Interviewed by Jason Sizemore

JS: Your fourth place story "Recursion" is a nice attempt to take a mathematical and software development concept and transform it to a literary device. What inspired you to take a go at this?

JM: At the time I wrote "Recursion," I was working as a software developer. From seven to three, Monday to Friday, all I did was write computer code. Then, I saw the movie Eternal Sunshine of the Spotless Mind with Jim Carrey and Kate Winslet, and the scenes where the characters relive events really got to me. Using that inspiration, I took the concept of recursive code (a software module that calls itself over and over again) and coupled it with the notion that some ghosts annually haunt the places of their deaths. For the contest, I decided to tell the whole thing from the ghost's perspective (who doesn't even realize that she's dead, let alone coming back year after year) and I had "Recursion." It was a lot of fun to write.


JS: You have just been accepted into the "Writer's Studio at Simon Fraser University." Can you tell us a little bit about the history and goals of this program?

JM: As far as I can tell, The Writer's Studio is a unique program for writers of fiction, poetry, and creative non-fiction in Canada. It began in 2001, and, through a combination of courses, readings, workshops, and one-on-one mentor manuscript consultations, The Writer's Studio helps writers improve their craft by building a sense of community. There are twenty-two of us this year--eight in fiction, seven each in poetry and non-fiction. Since January, we've been meeting at least once a week and we're really getting to know each other. The coolest thing about the program, I think, is its concept that writing should be a supportive art, not a competitive one: we're all there to help each other grow, not to establish a pecking order. It's a great attitude, because honestly, writing can be a very lonely task. Being able to share what you're going through with others who understand is really inspiring.


JS: How long have you been writing fiction? What inspired you to become a writer?

JM: When life hasn't gotten in the way, I've been writing on and off for the past fifteen years. As to inspiration, I'm really not sure: it's not fame; it's not fortune. I think deep down, I just am a writer, and I always was, even before I realized it. That sounds like a cop-out answer, but it's how I think and experience the world. I see words all the time--when I'm talking to someone, I actually envision the words as if they're on a page. When I'm doing something, I'm wondering how I can translate this into fiction.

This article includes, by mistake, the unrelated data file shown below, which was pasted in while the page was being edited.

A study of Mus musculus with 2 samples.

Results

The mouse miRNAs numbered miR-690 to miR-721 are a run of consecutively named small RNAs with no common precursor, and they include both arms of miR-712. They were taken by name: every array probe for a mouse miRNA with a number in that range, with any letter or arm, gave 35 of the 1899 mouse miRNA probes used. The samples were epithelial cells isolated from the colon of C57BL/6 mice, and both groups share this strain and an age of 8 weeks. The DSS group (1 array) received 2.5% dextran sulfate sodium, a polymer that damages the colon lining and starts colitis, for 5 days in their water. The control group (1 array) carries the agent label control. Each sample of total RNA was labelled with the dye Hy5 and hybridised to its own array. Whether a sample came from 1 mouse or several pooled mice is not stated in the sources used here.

JS: What was your first published story? And where was it published?

JM: Not counting a few short pieces I published in school, "Recursion" is my first published story.


JS: Your website lists that you're also a poet. Many folks in the science fiction genre dismiss poetry. As a poet, do you disagree with this assertion?

JM: First off, I'm not sure if I feel comfortable calling myself a poet. I know I've included some of my poems on my website, but I do preface that by calling it "bad poetry." Honestly, I usually write about three poems a year--one on Valentine's Day, one on my wedding anniversary, and one on my wife's birthday. That being said though, I certainly do not dismiss poetry. For those people who do (and I certainly don't think they're limited to science fiction fans), I think you should ask yourself why you don't like poetry. I'd hazard a guess that many people's anti-poetical sentiment comes from a poor introduction. If you've had a teacher who never explained poetry properly or never admitted that any poem is open for interpretation, I can easily imagine you'd think of poetry as self-indulgent whining with no real merit and grow to hate it. Although poetry may not be as generally accessible as science fiction, it's still a very viable and meaningful art form.


JS: You dabble in both science fiction and horror...which do you prefer?

JM: Horror--hands down. Ghosts and dead people scare the crap out of me, and I find that a lot of my writing, whether science fiction, fantasy, historical, or contemporary deals with the dead in one way or another. A writing teacher once told me to write what I was scared of to get to my most authentic material. I guess I took him a bit too literally.


JS: Who's your "Writing God/Goddess"?

JM: I'm not sure--I've never been prone to hero worship. I seem to pick up different things from different writers along the way. If I had to pick a pantheon, I'd guess my goddess would be Laisha Rosnau (she's shown me more about writing than anyone else), and my gods would be John Fowles (The Collector creeps me out), Vladimir Nabokov (Lolita taught me about untrustworthy narrators), and William Faulkner (he's challenging to read, but what that man could do with language...and, he sometimes wrote about dead people).


JS: You're writing a zombies-in-space novel. Your protagonist's girlfriend has to die a horrific death. Do you shoot her out into the void of space to die of exposure, or do the zombies get to munch on her intestines?

JM: Hmm, interesting choice, but to be honest, I think I'd cheat and make both situations happen. The only thing I can't figure out is why--should I kill her off as a noble sacrifice (she lures the zombies into a shuttle bay, and then, when the last one comes in, opens the airlock and purges them from the ship), or do I have my protagonist use her as bait to lure the zombies into a trap (same scenario, except she's hogtied on the deck at the end of a trail of zombie-snacks, and it's the protagonist pressing the button)? Either way could work, but the last one is just way more evil...and potentially much more interesting.